ACNIS Director Richard Giragosian Comments on the Lessons for Armenia from Developments in Moldova

Yerevan—Armenian Center for National and International Studies (ACNIS) Director Richard Giragosian issued a statement today commenting on the recent post-election crisis in Moldova and assessing the implications for Armenia.

Less than two months before a crucial municipal election in Armenia, the sudden emergence of a serious post-election crisis in Moldova offers important lessons for Armenia.

“Moldova Calling: Lessons for Armenia”

Reflecting the tragic events of Armenia’s own post-election crisis in March 2008, the recent confrontation between demonstrators and the authorities triggered by Moldova’s parliamentary election demonstrates three specific lessons for Armenia.

The first lesson from the Moldovan crisis for Armenia stems from the nature of the crisis.  As with Armenia’s post-election crisis, the April 5 election for a new parliament in Moldova triggered a wave of demonstrations and protests over the election results, which saw the return of the incumbent Communist Party to power with about 50 percent of the votes.  But similar to Armenia’s crisis, it was not the election itself that was the central issue.

In fact, Moldova’s recent election was assessed by OSCE observers as taking place “in an overall pluralistic environment, offering voters distinct political alternatives and meeting many of the OSCE and Council of Europe commitments.”  Although the same preliminary assessment went on to note that “further improvements are required to ensure an electoral process free from undue administrative interference and to increase public confidence,” the ballot was viewed as an achievement.

But if the election was such an improvement, then why did it spark such an intense reaction among ordinary Moldovans?

The reason seems to stem from an overall sense of frustration, compounded by the accumulation of several factors: the slow pace of reform, the state’s failure to effectively battle corruption, and a lack of hope or optimism for real change or improvement in the lives of ordinary citizens.  Sadly, each of these factors has now come to define politics in Armenia.  Yet the situation in Armenia is even more fragile, as the country now suffers from a pronounced “crisis of confidence” and the government remains hindered by a profound lack of legitimacy, driven by an unresolved internal political stalemate.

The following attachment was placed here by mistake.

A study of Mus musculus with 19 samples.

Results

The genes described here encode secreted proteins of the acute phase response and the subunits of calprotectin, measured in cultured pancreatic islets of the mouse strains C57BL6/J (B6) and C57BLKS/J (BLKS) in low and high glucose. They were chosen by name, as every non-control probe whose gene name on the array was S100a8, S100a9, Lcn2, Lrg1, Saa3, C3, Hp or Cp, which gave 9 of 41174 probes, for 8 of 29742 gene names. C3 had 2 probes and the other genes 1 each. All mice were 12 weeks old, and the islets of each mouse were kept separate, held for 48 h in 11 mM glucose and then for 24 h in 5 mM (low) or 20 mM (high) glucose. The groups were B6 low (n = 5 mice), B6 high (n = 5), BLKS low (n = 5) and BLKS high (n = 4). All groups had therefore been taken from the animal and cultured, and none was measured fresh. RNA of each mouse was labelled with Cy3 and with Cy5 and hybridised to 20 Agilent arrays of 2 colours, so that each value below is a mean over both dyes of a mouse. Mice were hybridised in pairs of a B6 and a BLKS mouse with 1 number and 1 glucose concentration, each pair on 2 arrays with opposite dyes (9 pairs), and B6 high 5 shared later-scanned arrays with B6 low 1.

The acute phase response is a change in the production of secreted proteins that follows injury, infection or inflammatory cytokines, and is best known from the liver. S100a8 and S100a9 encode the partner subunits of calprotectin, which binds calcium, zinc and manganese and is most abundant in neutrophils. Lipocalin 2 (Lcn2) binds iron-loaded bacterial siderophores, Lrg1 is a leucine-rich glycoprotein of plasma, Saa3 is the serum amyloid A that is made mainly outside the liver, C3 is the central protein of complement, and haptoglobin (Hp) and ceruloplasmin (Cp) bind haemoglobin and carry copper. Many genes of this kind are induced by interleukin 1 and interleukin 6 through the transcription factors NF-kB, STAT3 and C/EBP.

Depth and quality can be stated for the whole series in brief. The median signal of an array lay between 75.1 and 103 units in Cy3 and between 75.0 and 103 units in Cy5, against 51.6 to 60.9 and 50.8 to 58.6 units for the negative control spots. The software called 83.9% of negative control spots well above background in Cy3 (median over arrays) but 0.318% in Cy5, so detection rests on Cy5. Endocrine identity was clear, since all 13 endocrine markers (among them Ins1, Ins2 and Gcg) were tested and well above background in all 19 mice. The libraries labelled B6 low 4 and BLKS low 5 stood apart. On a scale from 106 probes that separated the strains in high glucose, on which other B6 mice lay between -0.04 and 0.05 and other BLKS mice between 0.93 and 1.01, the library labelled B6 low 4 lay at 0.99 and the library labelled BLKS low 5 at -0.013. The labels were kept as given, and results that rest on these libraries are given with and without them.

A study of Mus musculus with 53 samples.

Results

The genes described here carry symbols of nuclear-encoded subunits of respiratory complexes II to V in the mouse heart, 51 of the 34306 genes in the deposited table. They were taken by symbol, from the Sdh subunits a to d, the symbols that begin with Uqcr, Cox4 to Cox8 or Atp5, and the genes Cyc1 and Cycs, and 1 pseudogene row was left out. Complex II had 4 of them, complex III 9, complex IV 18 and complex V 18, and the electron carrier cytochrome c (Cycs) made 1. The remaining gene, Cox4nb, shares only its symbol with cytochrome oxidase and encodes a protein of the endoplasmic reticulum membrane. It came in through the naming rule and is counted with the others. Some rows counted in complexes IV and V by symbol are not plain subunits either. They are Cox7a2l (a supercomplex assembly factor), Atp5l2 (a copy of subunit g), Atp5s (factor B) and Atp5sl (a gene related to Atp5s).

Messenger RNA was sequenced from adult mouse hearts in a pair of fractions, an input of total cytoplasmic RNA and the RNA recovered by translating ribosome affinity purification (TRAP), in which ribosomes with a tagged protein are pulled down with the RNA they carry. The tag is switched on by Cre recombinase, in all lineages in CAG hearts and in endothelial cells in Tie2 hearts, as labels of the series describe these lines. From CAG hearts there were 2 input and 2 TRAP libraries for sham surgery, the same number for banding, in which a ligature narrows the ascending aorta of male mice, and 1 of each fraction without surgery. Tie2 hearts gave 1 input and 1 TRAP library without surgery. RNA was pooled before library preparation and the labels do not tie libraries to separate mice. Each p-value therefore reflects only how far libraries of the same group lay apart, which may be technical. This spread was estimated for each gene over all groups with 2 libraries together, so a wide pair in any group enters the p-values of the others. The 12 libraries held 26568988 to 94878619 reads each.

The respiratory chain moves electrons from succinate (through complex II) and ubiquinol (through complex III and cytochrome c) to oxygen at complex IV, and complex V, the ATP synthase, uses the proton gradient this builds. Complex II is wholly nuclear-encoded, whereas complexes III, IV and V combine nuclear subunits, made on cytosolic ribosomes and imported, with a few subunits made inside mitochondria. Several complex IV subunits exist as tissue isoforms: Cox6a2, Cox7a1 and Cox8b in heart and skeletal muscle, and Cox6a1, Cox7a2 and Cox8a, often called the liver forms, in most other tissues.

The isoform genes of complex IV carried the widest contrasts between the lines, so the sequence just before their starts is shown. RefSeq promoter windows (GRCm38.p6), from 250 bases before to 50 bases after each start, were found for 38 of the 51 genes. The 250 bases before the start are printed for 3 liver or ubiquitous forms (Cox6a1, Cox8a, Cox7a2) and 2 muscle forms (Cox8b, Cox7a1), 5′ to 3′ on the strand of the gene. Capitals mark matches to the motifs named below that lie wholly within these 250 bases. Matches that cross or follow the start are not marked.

Second, the origins of the crisis in Moldova reveal the inherent danger of maintaining a closed political and economic system, which, like Armenia, affords little space and even less patience for the expression of dissent or opposition.  From the context of a closed political system, where any healthy dissent or constructive opposition is seen as direct threats to state power and authority, protests tend to become radicalized, fueling illegal acts of violence and defiance, as seen by the storming and destruction of the symbols of Moldovan state power: the parliament and presidential palace.

A related observation from this perspective is the sad state of affairs when such energy and effort is not channeled into political activism prior to an election, thereby only robbing the country of a dynamic and vibrant democratic political process.

The third lesson for Armenia is rooted in the underlying divisions within Moldova that have exacerbated the crisis and that have only transformed a political crisis into an open confrontation.  For Moldova, this division is one of both demographics and geography, defined by a younger, more pro-Western population concentrated in the capital, and a more rural, less-educated Russian-leaning population with few links to, and even less interest in Europe.  Armenia also reflects similar divisions, although disparities in wealth and income are much wider and even more obvious in the case of Armenia.

Thus, there are several important considerations for Armenia from the crisis in Moldova.  But for Armenia, the most significant aspect is the warning from Moldova.  This is a clear and concise warning—that unless the May 31 election is truly free and fair, unless the closed political system is allowed to include an empowered and constructive opposition, and unless the widening socio-economic divisions in Armenian society are addressed, then Armenia should brace itself for a repeat of a Moldova-style crisis, at best, or for a March 1-style confrontation, at worst. It remains to be seen which scenario will emerge, although it remains evident that Armenia is facing another severe test that will determine its future as an emerging democratic and pluralistic country.

The Armenian Center for National and International Studies (ACNIS) is a leading independent strategic research center located in Yerevan, Armenia.  As an independent, objective institution committed to conducting professional policy research and analysis, ACNIS strives to raise the level of public debate and seeks to broaden public engagement in the public policy process, as well as fostering greater and more inclusive public knowledge. Founded in 1994, ACNIS is the institutional initiative of Raffi K. Hovannisian, Armenia’s first Minister of Foreign Affairs.  Over the past fifteen years, ACNIS has acquired a prominent reputation as a primary source of professional independent research and analysis covering a wide range of national and international policy issues.

For further information on the Center call (37410) 52-87-80 or 27-48-18; fax (37410) 52-48-46; email root@acnis.am or info@acnis.am; or visit www.acnis.am.